Many Kids Still Don’t Think Tobacco Is Addictive
It’s crucial to stop children from ever smoking, survey suggests
Although most children share a less-than-glowing opinion of smoking, a significant number — about 25 percent — believe cigarettes aren’t addictive and kicking the habit is easy, a new study suggests.
Such views were part of a range of mixed opinions about smoking that were expressed by a group of 10- to 14-year-old boys and girls before and after participating in a family smoking-prevention program for the better part of two years.
While researchers found that less than 10 percent of the kids entered the program thinking that cigarettes can help people keep off weight or relax, about a quarter said they didn’t mind being around smokers and thought smokers could quit anytime they wanted.
In the July/August edition of the American Journal of Health Promotion, the study authors report that the program produced some conflicting results. For example, they found that the most common positive attitude among kids about cigarettes — that smoking can help you feel more comfortable at parties or other social activities — actually rose by the program’s end, from just under 20 percent to nearly 30 percent.
“Over the 20-month program, about half the children increased their positive attitudes about smoking,” said Terry Bush, study lead author and research associate at the Center for Health Studies at Group Health Cooperative (GHC) in Seattle. “This information is coming from somewhere, so we need to think about teachable moments where we as health care providers, parents, youth leaders and teachers can talk about the risks involved.”
Bush and her colleagues focused on children between the ages of 10 and 12 from 418 families in the northwestern United States who had health care coverage with either GHC or Kaiser Permanente — two health maintenance organizations (HMOs).
Parent and child interviews were conducted just prior to beginning a smoking-prevention program, as well as at six months, 12 months and at the conclusion of the 20-month process. Participants were asked about their smoking habits, views on cigarettes and the frequency of family discussions about smoking, Bush said.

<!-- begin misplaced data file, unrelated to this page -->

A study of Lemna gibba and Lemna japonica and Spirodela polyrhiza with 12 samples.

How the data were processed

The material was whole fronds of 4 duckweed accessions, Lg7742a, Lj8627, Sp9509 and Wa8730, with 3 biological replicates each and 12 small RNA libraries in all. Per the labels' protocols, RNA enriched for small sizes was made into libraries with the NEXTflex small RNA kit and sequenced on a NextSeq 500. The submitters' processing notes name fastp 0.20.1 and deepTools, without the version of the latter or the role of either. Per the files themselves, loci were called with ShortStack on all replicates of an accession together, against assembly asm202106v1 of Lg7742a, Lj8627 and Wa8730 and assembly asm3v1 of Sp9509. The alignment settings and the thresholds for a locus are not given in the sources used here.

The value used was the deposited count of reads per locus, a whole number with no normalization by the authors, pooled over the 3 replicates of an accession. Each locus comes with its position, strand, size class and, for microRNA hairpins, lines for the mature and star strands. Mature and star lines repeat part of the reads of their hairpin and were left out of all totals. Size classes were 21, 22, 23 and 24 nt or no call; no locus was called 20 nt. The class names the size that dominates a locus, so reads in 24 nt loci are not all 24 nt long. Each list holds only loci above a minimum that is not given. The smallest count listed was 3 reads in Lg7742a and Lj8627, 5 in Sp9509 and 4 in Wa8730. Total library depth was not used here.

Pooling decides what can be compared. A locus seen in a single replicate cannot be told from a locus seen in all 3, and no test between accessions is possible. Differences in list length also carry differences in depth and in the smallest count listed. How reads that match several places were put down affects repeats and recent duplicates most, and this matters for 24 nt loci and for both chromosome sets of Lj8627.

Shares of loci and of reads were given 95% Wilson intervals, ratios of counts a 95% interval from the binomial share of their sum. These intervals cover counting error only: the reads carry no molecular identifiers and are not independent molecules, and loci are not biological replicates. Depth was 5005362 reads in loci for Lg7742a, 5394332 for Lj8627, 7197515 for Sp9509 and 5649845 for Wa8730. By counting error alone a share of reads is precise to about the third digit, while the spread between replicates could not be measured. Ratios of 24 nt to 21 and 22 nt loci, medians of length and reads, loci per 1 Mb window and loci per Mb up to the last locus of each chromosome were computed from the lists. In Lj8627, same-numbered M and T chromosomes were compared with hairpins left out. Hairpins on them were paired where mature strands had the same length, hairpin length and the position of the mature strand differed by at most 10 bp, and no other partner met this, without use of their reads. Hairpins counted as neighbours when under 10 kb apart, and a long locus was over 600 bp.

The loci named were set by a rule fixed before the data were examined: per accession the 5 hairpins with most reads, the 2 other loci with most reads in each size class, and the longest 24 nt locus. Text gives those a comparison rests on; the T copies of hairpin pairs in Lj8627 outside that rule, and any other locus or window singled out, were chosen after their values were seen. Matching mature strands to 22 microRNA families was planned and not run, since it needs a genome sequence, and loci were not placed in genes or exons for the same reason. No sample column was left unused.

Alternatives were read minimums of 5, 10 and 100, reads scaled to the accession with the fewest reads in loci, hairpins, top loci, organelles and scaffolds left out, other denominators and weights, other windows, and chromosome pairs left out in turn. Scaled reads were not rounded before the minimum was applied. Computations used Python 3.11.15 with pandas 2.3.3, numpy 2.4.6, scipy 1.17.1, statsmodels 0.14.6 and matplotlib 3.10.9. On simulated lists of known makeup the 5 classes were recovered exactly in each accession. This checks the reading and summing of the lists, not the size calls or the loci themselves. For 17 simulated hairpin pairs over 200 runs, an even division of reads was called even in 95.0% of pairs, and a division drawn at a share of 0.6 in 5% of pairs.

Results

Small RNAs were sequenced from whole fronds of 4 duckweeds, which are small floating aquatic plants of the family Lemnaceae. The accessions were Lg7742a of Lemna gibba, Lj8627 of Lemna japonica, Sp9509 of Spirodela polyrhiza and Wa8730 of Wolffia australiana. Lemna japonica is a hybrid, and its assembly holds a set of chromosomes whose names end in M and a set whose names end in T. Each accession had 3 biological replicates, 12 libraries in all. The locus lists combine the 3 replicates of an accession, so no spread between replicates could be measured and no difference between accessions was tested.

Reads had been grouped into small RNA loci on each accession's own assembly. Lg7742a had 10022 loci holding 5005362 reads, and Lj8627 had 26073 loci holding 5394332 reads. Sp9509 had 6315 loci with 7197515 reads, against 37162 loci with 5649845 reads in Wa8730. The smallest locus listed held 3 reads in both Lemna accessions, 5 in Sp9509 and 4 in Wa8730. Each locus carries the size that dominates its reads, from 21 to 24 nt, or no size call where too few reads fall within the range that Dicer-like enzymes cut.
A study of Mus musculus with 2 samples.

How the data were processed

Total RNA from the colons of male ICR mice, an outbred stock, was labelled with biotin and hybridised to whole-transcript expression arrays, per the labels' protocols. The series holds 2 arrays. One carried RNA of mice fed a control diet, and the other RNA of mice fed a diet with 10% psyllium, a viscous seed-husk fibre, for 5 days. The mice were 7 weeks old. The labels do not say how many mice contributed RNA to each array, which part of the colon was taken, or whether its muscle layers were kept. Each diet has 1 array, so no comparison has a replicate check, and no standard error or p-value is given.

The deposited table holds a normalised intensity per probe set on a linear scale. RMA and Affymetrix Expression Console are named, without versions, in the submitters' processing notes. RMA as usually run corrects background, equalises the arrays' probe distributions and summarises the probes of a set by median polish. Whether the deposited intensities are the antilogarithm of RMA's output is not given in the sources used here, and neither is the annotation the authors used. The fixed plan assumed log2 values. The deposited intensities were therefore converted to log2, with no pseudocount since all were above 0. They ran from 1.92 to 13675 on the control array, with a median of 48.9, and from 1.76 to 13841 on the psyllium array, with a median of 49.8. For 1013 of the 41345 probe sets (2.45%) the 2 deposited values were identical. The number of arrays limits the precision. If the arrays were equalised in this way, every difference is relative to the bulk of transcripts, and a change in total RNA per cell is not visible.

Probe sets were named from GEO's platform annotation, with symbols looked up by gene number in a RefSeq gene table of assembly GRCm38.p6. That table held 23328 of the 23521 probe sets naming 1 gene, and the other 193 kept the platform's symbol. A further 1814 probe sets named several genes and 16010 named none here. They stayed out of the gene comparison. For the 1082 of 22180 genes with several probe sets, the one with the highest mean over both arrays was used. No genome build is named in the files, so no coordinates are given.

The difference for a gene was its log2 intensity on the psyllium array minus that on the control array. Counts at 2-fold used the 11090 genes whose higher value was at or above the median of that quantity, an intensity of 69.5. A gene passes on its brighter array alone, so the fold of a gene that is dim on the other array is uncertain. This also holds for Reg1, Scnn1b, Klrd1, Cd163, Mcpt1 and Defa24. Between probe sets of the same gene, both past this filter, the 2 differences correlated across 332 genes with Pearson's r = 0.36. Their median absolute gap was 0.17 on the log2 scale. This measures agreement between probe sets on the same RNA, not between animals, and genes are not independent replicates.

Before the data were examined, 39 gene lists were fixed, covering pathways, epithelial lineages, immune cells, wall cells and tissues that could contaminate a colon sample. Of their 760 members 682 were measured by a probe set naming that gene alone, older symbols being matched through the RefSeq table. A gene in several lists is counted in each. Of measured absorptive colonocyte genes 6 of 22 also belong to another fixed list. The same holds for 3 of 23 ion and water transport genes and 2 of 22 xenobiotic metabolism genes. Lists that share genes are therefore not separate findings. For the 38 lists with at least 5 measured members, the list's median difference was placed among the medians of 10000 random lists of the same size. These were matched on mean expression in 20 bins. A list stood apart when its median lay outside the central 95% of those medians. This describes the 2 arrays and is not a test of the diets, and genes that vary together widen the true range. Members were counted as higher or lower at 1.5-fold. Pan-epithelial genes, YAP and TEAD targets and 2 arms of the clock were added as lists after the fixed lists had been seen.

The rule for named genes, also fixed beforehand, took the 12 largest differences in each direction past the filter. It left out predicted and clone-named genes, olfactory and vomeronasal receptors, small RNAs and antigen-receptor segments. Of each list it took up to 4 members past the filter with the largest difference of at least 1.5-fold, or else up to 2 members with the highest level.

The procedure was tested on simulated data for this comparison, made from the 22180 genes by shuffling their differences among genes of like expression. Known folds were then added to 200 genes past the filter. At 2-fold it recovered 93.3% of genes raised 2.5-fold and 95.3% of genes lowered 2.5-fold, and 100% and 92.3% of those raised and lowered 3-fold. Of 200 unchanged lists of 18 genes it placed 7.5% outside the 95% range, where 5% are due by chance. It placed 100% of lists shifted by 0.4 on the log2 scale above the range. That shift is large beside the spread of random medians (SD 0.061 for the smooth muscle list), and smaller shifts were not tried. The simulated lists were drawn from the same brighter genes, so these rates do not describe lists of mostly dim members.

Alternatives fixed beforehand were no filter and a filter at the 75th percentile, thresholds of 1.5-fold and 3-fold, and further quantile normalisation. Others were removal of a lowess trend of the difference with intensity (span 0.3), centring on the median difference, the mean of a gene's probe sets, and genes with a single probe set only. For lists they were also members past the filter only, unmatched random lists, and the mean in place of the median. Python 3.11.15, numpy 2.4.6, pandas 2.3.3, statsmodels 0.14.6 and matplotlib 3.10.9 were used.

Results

The parents were also asked about their level of involvement in and monitoring of their child’s activities, as well as parenting and communication skills.
The prevention program provided written and video-taped educational material — including an anti-tobacco comic book and stickers — along with occasional telephone counseling, newsletter updates, and smoking-prevention information provided by health care professionals during routine parent-child visits to their HMO.
Bush and her team found that family discussions about smoking were common, as was strong parental monitoring of childhood activities.
Positive views about cigarettes appeared to be more prevalent among children living in homes where communication was relatively poor and parents were less involved.
A parent’s specific opinion regarding cigarettes, however, did not seem to influence the opinions of the children, who were aged 11 to 14 by the study’s end.
Still, the researchers observed that while just under one-third of the children said they had no favorable attitudes about smoking when the prevention program began, by the program’s end just over half had adopted at least one positive tobacco-related opinion.
Deeds, not words, appeared to be the sole parental factor related to this change of heart, said the researchers. They noted that living with a parent who smoked promoted positive attitudes about tobacco among the children.
The authors concluded that a wide range of influences appear to be leading children as young as 10 to develop misconceived notions about cigarettes. And, the researchers said, a better understanding of the factors involved is urgently needed.
“The importance of this from a public health standpoint is that we need, as educators, to help parents and providers and teachers get the conversation flowing before the children pick up a cigarette that someone has offered them,” said Bush. “They are getting positive information from somewhere. This influence probably does not come solely from parents, and the tobacco industry is ruthless about putting out a more positive reflection on their product.”
Bush cautioned against exposing children to hard-sell scare tactics, however. “We have to counter these influences with facts they can digest,” she said, “instead of just presenting them with how it will kill you. That concept is probably alien to them. They don’t really conceive of long-term health effects and dying of a smoking-related disease.”
Danny McGoldrick, research director for the Washington, D.C.-based Campaign for Tobacco-Free Kids, agreed.
“I think the general point is that addiction is a very powerful force that keeps people smoking. But kids in particular don’t understand this until it’s too late,” he said. “And so I think the key is to do everything we can to prevent kids from ever starting. Once you’re addicted, you’re addicted — and you have all the barriers and issues with trying to quit.”
McGoldrick advocates helping kids steer clear of cigarettes via a three-pronged approach: combining prevention-education programs with tobacco tax hikes that make cigarettes too expensive for kids, along with legislation making public and work places tobacco-free.
“The key point,” he said, “is to stop kids from ever starting. And the good news is that we know a lot about how to do that.”
For more on teens and smoking, check out the Campaign for Tobacco-Free Kids.